Whitehall must measure the progress of its IT strategy more effectively, particularly the use of agile methodologies,if it is to achieve its technology transformation agenda, the Institute for Government has warned.
In its report, System upgrade? The first year of the government's ICT strategy, the Institute for Government (IfG) thinktank acknowledged the good start made by government in implementing its strategy, but urged that more progress needs to be made.
Concerted action is needed to ensure the strategy leads to the sustained improvements in ICT effectiveness, said the IfG in its report.
The current focus on short-term efficiencies could come at the expense of longer-term transformation, the IfG said.
These risks are exacerbated by the lack of data that could give an overall impression of departmental and government ICT performance.
The absence of such data makes it difficult for the government CIO or departmental leaders to track progress, benchmark performance or identify areas of good or promising practice, said the IfG report.
The report said the strategy needed to shift from being seen as a technical document to an integrated business case.
“Currently ICT risks being lumped in with ‘back office overheads’, with the overriding goal being to cut costs," said the report.
"The challenge to ICT leaders is to turn this into a conversation about how ICT can best deliver value.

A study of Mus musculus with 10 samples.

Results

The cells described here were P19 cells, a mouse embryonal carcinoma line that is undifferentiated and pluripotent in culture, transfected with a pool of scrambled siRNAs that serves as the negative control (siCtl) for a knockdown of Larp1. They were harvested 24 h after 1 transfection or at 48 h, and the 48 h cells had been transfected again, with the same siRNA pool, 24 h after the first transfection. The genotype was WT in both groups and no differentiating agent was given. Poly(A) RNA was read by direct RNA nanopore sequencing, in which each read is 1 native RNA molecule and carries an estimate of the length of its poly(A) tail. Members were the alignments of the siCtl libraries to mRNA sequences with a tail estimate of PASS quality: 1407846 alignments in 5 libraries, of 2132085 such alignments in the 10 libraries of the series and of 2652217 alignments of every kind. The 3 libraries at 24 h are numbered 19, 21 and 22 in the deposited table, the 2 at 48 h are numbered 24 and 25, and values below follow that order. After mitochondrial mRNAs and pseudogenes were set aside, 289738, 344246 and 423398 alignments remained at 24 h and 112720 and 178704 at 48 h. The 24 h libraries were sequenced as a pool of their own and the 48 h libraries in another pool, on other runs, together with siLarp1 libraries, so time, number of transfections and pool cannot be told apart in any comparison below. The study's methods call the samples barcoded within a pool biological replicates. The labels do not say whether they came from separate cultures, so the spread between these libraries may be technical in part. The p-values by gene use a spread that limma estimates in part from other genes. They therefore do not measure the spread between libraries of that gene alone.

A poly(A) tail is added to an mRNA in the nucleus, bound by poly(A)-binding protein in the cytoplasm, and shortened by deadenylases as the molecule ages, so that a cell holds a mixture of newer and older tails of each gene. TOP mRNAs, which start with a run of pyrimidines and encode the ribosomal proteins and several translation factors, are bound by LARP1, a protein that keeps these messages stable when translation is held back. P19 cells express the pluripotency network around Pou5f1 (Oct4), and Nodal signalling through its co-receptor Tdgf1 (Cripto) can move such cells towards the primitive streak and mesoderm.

"It should be clear how the strategy supports departmental business, wider civil service reform plans and better services to citizens.”
There was little in the way of measuring the tangible progress made in realising the strategy’s aims, particular in the use of agile methodologies, the IfG report said.
Of 570 government projects underway, just 37 were using agile
methodologies, with some of those having adopted the term as a buzzword rather than having applied
the methodology to projects in a meaningful way, said Tom Gash, programme director at the IfG and
one of the report's authors.
On the subject of Universal Credit, he said not enough was known to determine whether it is currently using agile in a meaningful way.
"Many in government don't yet see it as the true embodiment of
agile principles it was intended to be," Gash said.
"The question has got to be who bears the consequences if the government doesn't hit its milestone to have 50% of projects delivered using agile by 2013.
"It's great to have ambition but we have to see the
consequences if targets not being met."